How many times have you received a support call about “that system” that never seems to make sense to anyone except for the one person who originally put it in?

Too often is my guess.

When that call comes in, we would pop our heads over the partition to that one person and ask them to take the call or ask how we go about fixing this thing….

Well what happens when our cubical partitions are replaced by our homes and the option to just “pop our head over” is no longer a reality?


The Struggles of Remote IT Support Without Knowledge Management

Many support organizations are moving to tools such as Skype, Teams, Zoom, etc. to stay connected, but what happens when traditional working hours no longer apply?

This is the realization that many support organizations are having to tackle right now and the cost of having knowledge tied up in one person is a cost we as an industry can no longer afford.

Knowledge management has never been a high priority for organizations as the cost of maintaining a knowledge management system seemed excessive compared to popping heads over partitions and getting a quick reply. Now the cost of not having an up-to-date knowledge management system is becoming clear.

Clearly documenting systems, common issues and common resolutions is very valuable in this new world of shifting workforce to remote locations. Not only to minimize risk to the organization for having large swathes of knowledge tied up in one or two key employees, but also to allow end users to be able to self-service their own issues when the support team is not available to ask directly.

It is time to take knowledge management seriously and treat it with the mission critical status that it requires.


Keys to Knowledge Management Success

Here are a few tips to successfully create, manage, and maintain a good knowledge management system.

1.      Integration

There is no point in having good documentation if no one can find it when needed. Having a system that integrates with your current service management system and that is available to end users via a web portal, mobile, etc. is critical to any knowledge management solutions success.

Most service management solutions will contain some level of knowledge management solution that integrates with their solution. Being able to tag useful articles against incidents as they’re resolved ensures others having similar issues can leverage past experience to improve resolutions time.

Just make sure it is available externally and can be easily exported if needed.

2.      Templates

Consistency of format, layout and level of technical language are important to articles being used by support staff and end users alike. If an article is full of jargon or is too wordy, end users will get lost and not find their specific answers. The same holds true for support staff KB articles.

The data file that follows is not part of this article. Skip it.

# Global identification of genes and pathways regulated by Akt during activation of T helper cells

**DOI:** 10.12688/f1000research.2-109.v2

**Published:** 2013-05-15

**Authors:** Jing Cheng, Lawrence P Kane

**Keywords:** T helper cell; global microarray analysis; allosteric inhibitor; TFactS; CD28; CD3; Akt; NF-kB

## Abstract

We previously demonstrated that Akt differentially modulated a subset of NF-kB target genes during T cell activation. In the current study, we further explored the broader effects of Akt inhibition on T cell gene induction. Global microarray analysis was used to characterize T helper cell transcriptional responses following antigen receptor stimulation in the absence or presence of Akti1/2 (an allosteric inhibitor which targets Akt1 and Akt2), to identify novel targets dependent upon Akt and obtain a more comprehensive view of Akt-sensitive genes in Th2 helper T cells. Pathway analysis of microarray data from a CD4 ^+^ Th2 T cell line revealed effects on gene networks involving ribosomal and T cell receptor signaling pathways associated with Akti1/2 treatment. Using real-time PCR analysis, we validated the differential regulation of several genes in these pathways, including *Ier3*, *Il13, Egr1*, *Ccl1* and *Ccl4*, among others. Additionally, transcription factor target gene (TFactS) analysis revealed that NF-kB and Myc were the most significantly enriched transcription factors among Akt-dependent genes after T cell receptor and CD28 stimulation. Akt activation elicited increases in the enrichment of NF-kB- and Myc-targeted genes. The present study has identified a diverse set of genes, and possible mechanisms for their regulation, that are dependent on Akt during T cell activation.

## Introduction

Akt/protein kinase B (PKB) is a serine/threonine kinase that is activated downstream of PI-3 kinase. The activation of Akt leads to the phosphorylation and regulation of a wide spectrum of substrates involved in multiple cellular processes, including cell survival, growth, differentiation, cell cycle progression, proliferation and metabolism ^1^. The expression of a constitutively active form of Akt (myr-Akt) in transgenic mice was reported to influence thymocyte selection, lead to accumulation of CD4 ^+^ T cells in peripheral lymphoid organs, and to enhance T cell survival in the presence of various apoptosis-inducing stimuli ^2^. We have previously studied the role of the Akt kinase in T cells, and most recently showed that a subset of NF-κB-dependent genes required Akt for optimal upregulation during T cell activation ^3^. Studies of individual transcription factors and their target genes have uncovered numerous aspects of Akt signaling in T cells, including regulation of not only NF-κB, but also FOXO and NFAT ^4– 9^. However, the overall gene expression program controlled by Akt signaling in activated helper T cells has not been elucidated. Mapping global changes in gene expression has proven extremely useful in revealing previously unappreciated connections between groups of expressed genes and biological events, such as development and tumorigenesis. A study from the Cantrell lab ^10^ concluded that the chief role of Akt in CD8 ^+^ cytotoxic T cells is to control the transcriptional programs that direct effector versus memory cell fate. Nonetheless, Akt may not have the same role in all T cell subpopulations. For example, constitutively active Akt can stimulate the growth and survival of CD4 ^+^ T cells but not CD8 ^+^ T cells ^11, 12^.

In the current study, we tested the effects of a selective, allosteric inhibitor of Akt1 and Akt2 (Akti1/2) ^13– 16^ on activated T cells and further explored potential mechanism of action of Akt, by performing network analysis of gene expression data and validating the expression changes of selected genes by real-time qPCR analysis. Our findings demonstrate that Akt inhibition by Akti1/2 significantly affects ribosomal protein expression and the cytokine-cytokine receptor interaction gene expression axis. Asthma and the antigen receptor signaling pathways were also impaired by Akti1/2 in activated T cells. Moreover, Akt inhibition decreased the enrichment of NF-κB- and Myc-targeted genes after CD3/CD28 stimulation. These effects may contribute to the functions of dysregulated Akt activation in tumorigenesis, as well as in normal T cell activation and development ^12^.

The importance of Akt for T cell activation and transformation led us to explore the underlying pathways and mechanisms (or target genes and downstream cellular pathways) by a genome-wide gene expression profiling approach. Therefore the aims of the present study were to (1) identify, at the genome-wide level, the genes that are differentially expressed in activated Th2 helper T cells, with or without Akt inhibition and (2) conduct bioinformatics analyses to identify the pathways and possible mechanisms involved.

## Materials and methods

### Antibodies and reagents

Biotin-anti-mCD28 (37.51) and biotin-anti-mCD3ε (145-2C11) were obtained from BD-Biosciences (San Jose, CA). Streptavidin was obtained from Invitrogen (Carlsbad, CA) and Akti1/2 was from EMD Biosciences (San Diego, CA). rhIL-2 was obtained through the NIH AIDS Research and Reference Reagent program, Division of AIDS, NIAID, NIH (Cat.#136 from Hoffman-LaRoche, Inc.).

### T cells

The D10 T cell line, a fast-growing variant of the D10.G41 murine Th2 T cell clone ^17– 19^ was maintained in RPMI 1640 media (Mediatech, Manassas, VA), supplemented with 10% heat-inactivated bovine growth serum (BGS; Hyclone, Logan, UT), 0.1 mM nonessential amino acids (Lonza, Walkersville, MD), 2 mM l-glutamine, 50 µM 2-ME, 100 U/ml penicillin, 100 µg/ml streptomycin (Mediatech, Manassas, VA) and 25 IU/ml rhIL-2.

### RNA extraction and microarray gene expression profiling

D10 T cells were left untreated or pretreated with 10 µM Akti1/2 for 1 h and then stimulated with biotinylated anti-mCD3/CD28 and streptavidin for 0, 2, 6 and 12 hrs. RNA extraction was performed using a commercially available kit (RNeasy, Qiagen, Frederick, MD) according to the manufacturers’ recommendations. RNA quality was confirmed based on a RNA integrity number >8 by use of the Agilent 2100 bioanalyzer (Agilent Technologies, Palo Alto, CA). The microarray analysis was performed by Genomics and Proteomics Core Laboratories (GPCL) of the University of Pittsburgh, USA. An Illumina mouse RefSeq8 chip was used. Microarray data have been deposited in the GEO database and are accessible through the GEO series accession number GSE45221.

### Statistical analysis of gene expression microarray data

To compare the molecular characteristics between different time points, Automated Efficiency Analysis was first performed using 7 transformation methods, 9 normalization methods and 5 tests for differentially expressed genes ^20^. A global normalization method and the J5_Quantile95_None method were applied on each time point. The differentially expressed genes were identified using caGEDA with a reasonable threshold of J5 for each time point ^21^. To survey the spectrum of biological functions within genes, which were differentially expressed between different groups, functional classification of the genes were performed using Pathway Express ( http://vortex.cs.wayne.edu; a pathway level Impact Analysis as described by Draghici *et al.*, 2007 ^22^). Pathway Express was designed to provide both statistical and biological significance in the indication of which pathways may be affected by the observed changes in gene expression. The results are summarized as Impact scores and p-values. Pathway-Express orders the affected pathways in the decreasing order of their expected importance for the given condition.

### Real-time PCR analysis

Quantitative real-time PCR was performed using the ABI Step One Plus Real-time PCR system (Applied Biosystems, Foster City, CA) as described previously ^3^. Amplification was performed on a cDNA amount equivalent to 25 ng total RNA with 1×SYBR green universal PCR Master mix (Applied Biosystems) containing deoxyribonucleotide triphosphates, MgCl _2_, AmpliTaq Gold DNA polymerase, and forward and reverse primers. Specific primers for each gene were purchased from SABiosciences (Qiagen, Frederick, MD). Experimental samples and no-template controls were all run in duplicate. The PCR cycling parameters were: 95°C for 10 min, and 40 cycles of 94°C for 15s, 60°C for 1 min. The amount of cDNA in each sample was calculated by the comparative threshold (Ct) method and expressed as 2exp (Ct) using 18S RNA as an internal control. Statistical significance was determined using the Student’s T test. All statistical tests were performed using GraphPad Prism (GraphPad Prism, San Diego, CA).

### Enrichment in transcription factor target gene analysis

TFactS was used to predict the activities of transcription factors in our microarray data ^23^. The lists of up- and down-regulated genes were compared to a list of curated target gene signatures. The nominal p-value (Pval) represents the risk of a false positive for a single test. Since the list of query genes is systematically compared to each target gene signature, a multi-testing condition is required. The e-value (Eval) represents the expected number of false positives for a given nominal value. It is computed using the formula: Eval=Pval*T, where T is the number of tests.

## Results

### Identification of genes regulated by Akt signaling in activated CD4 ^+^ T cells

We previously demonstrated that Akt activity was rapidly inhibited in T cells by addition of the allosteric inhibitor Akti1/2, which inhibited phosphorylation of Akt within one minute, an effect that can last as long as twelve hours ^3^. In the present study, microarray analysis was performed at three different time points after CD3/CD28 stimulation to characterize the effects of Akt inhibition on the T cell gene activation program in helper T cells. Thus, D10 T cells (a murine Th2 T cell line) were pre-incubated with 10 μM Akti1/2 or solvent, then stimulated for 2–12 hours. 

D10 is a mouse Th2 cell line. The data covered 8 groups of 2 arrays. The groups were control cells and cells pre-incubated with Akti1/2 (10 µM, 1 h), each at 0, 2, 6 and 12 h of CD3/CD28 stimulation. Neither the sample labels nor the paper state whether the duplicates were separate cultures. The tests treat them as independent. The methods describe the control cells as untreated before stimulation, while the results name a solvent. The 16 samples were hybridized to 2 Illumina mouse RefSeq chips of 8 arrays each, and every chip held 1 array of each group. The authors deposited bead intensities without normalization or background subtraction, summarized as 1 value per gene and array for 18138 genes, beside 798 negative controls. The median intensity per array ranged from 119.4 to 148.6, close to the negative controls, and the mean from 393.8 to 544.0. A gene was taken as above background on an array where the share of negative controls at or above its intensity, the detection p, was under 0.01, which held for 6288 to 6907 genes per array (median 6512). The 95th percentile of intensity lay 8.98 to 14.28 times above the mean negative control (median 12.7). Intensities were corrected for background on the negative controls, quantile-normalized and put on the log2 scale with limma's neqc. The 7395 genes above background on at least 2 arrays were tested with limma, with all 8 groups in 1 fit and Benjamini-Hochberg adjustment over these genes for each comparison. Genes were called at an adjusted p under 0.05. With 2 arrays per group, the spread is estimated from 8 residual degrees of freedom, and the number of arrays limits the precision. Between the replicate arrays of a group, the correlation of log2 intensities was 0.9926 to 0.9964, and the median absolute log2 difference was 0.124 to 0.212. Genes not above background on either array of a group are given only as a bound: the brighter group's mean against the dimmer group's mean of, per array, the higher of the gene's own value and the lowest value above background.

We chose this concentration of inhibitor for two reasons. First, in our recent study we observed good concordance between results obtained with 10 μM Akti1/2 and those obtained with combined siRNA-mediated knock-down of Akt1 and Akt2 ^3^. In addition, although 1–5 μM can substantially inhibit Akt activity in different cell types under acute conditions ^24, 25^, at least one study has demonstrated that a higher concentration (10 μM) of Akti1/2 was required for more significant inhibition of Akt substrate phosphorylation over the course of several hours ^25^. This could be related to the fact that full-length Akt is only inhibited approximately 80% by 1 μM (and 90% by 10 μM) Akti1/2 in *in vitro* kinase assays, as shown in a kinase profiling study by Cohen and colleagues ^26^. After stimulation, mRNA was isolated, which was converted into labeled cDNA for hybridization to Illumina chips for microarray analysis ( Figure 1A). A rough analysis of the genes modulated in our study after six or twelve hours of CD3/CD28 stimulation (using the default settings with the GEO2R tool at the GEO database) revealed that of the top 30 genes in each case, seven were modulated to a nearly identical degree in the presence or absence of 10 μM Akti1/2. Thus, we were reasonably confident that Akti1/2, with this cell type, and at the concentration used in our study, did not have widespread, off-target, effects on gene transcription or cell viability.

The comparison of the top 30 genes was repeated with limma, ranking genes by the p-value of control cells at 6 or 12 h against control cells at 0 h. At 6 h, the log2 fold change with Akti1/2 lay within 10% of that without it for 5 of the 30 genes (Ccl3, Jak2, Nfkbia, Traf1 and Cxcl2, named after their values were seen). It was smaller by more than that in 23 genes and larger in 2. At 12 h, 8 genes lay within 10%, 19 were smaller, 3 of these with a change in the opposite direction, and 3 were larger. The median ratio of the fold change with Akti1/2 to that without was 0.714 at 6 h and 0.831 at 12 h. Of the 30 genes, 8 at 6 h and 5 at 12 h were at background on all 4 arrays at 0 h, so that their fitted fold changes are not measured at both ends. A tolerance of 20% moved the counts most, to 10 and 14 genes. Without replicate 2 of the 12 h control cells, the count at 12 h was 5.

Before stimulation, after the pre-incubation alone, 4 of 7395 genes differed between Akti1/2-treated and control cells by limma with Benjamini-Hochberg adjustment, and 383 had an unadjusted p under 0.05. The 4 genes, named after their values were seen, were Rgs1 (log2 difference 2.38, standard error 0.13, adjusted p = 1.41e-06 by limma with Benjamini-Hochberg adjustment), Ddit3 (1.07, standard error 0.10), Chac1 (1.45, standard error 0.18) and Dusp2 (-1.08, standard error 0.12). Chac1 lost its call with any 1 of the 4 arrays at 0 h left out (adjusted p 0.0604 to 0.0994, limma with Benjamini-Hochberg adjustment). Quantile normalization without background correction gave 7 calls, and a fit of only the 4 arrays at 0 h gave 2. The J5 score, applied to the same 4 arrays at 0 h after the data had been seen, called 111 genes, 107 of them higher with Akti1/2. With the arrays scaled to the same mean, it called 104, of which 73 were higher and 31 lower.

Be concise and to the point.

3.      Perfection is the Enemy of Good Enough

While templates and consistency of format are important, they are not as important as simply capturing the raw information. Many failed knowledge management projects fail due to the number of articles not being available. This is usually because the level of detail that project leaders are wanting makes for slow and complicated editing processes.

It is far better to get the raw data published and available ASAP and then return later to “clean it up” or place it into the relevant template than it is to have it perfect first time.

4.      Change Management

One of the largest challenges with any knowledge management project has been keeping the content up to date. This usually comes down to a single point of failure and that is not including documentation review in the change management process.

When a system gets implemented and change management is scheduled for build, test or even rollout – knowledge management should be captured across all segments of the change to ensure as much documentation is available day-one of the system going live.

When a system gets changed or updated, the knowledge documentation should be re-visited to ensure it is still valid, screen shots are relative and representative of the new system, and any new features should be added to the existing knowledge documents.



There is no better time than the present to start your knowledge management journey as it will improve customer satisfaction as companies transition to more telecommuting.

Now get writing…. and remember that Cireson’s Self-Service and Analyst Portals for SCSM have many knowledge management features to assist in your journey.